A second diagnosis of the new SARS-like virus coronavirus was confirmed in France on Sunday as clinicians are urged to watch for 'a-typical' respiratory symptoms in patients who have recently visited the Middle East.
The new infection was found in a 50-year-old man who had shared a hospital room with France's only other known sufferer, the French Health ministry said in a statement.
Health experts are concerned about clusters of the new coronavirus strain, nCoV, which was first spotted in the Gulf and has spread to France, Britain and Germany.
There has so far been little evidence of direct and sustained human-to-human transmission of nCoV - in contrast to the pattern seen in the related Severe Acute Respiratory Syndrome (SARS) virus, which killed 775 people in 2003.
Public Health England (PHE) has urged care professionals are to be vigilant for severe unexplained respiratory illness occurring in anyone who has recently travelled in the Middle East, as well as any unexplained cluster of severe respiratory illness or healthcare worker with unexplained severe respiratory illness.
Advice has been provided on infection control, urgent diagnostic investigation and identification of contacts of suspected cases.
Professor John Watson, head of the respiratory diseases department at PHE, said: “There have been no new cases of novel coronavirus in the UK since February 2013 so the total remains at four. Sadly two of those have died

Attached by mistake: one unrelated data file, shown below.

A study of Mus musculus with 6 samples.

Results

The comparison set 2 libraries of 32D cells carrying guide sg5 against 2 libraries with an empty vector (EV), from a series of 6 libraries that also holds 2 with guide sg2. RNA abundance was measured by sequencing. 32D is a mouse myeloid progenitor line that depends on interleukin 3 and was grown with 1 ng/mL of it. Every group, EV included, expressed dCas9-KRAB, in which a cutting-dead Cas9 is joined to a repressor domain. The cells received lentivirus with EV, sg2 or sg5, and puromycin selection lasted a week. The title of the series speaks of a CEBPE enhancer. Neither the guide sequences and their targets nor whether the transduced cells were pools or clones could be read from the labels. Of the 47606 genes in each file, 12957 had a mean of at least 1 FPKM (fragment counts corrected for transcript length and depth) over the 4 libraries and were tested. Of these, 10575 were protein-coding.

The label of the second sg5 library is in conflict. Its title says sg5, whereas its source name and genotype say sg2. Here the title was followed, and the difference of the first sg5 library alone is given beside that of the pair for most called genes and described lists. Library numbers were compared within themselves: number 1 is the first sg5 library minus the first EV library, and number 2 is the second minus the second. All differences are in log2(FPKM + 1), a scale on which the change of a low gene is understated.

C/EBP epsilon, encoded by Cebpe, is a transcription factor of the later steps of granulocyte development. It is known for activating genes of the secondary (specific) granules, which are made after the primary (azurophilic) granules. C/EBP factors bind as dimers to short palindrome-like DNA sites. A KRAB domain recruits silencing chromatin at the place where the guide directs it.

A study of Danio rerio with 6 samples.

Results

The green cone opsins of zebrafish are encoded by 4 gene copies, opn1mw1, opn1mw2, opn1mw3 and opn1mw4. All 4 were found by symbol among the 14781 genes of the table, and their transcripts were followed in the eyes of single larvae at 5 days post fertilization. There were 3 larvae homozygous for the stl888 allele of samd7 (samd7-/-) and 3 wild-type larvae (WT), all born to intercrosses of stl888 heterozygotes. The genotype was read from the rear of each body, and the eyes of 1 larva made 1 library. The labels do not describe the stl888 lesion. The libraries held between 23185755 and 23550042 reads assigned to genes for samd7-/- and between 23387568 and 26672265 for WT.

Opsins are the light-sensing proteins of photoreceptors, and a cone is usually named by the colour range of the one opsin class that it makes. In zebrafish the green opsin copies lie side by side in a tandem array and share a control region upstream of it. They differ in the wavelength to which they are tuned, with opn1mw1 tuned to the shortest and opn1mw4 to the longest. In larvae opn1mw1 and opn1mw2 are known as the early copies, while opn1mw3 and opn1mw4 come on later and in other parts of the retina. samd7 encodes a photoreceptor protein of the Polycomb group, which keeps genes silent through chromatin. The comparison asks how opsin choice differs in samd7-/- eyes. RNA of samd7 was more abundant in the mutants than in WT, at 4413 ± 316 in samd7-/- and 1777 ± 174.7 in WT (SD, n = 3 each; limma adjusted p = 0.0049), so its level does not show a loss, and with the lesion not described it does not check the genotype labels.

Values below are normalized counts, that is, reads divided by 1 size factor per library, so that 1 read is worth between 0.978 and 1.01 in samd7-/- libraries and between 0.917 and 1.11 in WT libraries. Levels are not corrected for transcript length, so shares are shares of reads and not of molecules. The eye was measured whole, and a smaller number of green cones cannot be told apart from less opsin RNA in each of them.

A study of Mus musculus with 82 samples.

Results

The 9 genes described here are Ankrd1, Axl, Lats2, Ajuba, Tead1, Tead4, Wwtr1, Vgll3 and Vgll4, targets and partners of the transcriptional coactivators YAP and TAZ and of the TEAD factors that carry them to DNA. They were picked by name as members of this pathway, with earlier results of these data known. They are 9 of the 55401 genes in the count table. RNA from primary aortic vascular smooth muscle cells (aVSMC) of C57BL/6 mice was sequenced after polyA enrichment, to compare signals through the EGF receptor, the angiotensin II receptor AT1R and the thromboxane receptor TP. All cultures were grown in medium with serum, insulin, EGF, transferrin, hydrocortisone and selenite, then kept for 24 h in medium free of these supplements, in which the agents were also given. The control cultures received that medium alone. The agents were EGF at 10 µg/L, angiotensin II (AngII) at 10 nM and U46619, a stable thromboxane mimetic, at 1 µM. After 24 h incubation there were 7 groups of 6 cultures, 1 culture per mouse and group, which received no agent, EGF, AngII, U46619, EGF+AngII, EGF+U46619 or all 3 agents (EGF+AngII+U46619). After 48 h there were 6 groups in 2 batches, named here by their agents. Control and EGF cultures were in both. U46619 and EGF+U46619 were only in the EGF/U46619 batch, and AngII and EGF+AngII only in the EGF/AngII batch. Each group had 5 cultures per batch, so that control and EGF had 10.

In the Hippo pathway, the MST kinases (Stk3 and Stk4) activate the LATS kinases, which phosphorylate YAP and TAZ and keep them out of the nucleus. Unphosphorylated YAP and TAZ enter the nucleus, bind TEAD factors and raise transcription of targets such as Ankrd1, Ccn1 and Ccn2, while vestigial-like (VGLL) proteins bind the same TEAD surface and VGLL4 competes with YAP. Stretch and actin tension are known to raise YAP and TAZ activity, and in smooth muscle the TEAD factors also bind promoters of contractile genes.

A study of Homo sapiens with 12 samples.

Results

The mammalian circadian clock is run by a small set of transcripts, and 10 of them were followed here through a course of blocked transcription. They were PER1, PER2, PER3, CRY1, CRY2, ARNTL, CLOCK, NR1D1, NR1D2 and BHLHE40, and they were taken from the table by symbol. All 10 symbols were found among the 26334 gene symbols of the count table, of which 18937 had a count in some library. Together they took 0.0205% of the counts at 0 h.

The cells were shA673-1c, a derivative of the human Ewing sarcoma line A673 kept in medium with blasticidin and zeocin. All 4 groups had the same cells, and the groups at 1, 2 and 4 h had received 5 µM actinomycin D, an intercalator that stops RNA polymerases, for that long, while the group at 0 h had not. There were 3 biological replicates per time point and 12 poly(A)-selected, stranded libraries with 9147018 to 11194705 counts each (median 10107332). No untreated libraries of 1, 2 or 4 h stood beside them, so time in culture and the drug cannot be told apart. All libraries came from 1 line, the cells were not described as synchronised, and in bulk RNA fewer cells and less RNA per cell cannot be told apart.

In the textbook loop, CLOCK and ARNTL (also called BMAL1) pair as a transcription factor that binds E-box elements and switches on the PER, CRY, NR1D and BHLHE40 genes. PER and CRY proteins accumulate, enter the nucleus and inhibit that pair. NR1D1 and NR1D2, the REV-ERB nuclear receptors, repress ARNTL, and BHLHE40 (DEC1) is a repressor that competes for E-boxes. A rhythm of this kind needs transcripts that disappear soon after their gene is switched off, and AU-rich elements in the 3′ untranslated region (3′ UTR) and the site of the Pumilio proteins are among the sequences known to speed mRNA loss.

“We remain vigilant to the developments in Saudi and in the rest of the world where new cases have emerged and continue to liaise closely with our international colleagues to assess whether our recommendations need to change. Although some person-to-person transmission has been reported, there remains no evidence of sustained person-to-person transmission.”
The first nCoV case in France, confirmed on May 8, is a 65-year-old man who fell ill after returning from Dubai late last month.
Both French patients are in hospital in the northern city of Lille, where the younger man was transferred to intensive care on Sunday as his breathing deteriorated.
His case suggests that airborne transmission of the virus is possible, though still unusual, said Professor Benoit Guery, head of the Lille hospital's infectious diseases unit.
"Fortunately, this remains a virus that is not easily transmitted," Guery told the BFMTV channel. "I don't think the public should be concerned - it has been out there for a year and we have 34 cases globally."
He said the second French case had occurred because the first patient presented "quite atypical" symptoms and had not been isolated immediately.
Health officials screened more than 100 people who had come into contact with him, carrying out laboratory tests on at least five, including three medical staff.
All came back negative except the fellow patient, who had shared a hospital room with him for 48 hours, the ministry said.
French authorities are now widening the screening effort to include anyone who has been in contact with the second confirmed case.
This new coronavirus was first identified in September 2012 in a patient who died from a severe respiratory infection in June 2012.
As of 27 March 2013 there have been over 16 cases detected world-wide.